Appointment of Queen's Counsel in Scotland 2021

A report by Bill Thomson, an independent observer that has been engaged by the Scottish Government to report on the fairness and objectivity of the process for the Appointment of Queen's Counsel in Scotland.

2021 Appointment Round

Lord Carloway, acting in his capacity as Lord Justice General, intimated to the First Minister on 26 January that he intended to invite applications for appointment as Queen's Counsel.

Advertisements were placed in the Journal of the Law Society of Scotland and in the Scottish Legal News on 15 March. Copies had also been sent by email to the Faculty of Advocates, the Society of Solicitor Advocates and the Law Society of Scotland.

Whilst this amounts to minimal publicity in comparison with many public appointment processes, it is in line with recent practice and appears appropriate given the limited field of potential applicants.

Separate application forms were provided for advocates and for solicitor advocates. All applicants were also required to obtain two references from senior members of the legal profession who were fully familiar with their work. The Guide for Applicants explains that referees are expected to address directly the criteria for nomination. Applications and references were to be submitted by close of business on 5 April to the Private Secretary to the Lord President. Contact details were supplied, including a telephone number for enquiries.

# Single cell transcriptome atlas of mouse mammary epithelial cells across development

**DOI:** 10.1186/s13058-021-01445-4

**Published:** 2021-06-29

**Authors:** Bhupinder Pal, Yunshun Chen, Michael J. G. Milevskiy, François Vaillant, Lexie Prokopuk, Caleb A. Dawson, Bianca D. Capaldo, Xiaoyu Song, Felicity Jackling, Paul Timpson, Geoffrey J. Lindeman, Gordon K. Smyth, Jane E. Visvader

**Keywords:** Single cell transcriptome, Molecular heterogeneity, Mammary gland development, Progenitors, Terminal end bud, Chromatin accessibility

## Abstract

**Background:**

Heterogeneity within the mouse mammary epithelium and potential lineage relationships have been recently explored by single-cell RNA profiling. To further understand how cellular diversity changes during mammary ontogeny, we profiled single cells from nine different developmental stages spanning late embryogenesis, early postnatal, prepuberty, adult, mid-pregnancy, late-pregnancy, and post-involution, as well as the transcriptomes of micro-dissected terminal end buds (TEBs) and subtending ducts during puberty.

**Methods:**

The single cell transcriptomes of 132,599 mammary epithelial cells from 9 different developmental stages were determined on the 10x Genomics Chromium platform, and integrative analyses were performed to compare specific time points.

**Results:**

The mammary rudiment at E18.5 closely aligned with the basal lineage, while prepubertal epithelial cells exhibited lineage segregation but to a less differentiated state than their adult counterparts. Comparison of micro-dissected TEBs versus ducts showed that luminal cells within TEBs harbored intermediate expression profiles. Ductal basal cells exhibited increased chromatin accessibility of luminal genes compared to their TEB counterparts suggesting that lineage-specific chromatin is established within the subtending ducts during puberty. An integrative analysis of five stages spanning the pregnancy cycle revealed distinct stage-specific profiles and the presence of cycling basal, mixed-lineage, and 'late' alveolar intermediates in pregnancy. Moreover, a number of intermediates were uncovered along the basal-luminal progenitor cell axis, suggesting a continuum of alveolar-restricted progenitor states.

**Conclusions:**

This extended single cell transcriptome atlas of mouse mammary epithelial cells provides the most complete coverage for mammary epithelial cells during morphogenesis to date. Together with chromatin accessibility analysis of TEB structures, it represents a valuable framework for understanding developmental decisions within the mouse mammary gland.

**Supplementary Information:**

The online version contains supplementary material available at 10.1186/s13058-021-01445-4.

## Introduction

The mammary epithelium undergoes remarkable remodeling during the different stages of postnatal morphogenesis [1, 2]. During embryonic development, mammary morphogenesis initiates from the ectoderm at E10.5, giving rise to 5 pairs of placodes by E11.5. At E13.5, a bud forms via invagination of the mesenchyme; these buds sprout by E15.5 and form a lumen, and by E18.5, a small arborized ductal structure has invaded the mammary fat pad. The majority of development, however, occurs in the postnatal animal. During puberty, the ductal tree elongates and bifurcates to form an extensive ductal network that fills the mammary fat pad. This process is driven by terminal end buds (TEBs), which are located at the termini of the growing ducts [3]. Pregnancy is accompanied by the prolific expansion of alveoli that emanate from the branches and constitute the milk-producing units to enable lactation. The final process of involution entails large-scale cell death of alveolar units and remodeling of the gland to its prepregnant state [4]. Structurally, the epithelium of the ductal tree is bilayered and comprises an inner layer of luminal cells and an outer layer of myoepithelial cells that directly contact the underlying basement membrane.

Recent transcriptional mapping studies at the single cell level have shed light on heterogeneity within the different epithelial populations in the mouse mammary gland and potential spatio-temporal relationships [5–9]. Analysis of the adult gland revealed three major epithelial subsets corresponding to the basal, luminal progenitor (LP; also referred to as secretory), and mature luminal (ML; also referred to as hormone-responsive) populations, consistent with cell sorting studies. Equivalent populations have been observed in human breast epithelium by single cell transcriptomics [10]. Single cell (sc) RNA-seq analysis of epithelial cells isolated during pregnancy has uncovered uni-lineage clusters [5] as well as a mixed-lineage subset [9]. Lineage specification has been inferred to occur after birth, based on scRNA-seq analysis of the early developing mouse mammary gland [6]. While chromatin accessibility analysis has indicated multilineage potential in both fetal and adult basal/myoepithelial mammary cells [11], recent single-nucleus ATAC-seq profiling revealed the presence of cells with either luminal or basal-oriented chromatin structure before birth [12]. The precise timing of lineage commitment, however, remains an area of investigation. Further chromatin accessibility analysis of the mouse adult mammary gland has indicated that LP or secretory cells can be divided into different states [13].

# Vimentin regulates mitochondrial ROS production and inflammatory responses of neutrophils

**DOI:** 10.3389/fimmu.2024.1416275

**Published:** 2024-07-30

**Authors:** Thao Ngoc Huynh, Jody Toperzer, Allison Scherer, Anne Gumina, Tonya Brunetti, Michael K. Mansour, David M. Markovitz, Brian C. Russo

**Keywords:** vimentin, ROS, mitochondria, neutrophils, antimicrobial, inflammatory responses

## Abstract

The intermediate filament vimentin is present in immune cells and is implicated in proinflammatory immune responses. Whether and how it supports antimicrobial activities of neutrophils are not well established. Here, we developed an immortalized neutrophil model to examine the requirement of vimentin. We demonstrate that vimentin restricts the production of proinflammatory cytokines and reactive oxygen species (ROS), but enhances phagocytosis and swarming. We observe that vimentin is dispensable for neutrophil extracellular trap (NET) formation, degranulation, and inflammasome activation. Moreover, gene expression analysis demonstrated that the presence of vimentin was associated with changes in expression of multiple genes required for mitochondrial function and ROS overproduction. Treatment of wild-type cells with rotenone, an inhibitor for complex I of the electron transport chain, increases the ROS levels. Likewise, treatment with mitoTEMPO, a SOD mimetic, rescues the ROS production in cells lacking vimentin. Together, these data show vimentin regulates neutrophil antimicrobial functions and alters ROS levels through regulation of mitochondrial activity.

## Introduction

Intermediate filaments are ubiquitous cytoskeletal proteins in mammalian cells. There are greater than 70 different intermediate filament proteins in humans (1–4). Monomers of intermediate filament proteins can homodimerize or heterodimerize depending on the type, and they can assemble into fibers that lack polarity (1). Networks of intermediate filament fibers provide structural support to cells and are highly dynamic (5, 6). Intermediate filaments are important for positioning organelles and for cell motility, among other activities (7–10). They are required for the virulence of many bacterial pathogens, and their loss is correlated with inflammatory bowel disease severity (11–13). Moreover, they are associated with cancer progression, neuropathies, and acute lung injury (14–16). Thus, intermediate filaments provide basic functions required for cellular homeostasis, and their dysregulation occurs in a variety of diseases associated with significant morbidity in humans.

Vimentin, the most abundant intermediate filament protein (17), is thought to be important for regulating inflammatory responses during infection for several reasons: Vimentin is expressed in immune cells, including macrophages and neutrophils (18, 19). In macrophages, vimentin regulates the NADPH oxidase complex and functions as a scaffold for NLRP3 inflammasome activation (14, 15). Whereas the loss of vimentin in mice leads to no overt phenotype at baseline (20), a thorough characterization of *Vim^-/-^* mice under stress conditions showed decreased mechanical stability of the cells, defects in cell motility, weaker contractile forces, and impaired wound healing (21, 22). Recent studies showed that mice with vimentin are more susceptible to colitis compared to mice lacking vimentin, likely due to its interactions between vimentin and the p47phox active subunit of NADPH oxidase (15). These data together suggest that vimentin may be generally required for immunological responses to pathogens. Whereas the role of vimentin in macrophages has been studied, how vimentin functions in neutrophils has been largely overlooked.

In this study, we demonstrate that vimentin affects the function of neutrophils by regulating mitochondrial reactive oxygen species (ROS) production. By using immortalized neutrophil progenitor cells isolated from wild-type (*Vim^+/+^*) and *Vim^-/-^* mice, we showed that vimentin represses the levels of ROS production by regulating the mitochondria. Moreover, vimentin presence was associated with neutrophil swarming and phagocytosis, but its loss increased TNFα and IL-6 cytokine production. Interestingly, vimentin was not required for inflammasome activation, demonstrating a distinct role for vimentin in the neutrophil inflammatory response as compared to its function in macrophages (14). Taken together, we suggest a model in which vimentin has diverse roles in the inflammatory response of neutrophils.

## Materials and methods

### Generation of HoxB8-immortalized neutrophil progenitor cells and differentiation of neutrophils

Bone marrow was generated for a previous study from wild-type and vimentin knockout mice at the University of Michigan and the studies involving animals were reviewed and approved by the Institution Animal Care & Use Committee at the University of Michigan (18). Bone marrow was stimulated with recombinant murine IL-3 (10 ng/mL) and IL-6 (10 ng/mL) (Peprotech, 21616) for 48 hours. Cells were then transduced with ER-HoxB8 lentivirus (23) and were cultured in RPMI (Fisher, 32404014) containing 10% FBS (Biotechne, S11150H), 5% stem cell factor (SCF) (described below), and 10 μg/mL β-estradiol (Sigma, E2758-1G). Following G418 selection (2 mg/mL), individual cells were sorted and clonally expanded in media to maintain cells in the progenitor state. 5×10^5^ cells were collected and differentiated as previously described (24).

21 applications were received, including 19 from advocates and two from solicitor advocates. Five of the applicants were female advocates: all others were male. Applicants completed a self-assessment form addressing their fitness for appointment in terms of the specified criteria of advocacy, legal ability and experience, and professional qualities.

One application was not supported by any references. The referees for two of the applicants had only limited knowledge or experience of the applicant's work. In the case of three other applicants, one referee was able fully to address the criteria whereas the other had only limited knowledge.

The process is repeated annually. It might therefore be expected that intending applicants would consult in advance with potential referees. However, it is also possible that an extension of the three week period between advertisement and closing would be of assistance to some applicants and referees.

All applicants completed a confidential equalities monitoring form, giving details of gender and place of origin. No other information was disclosed.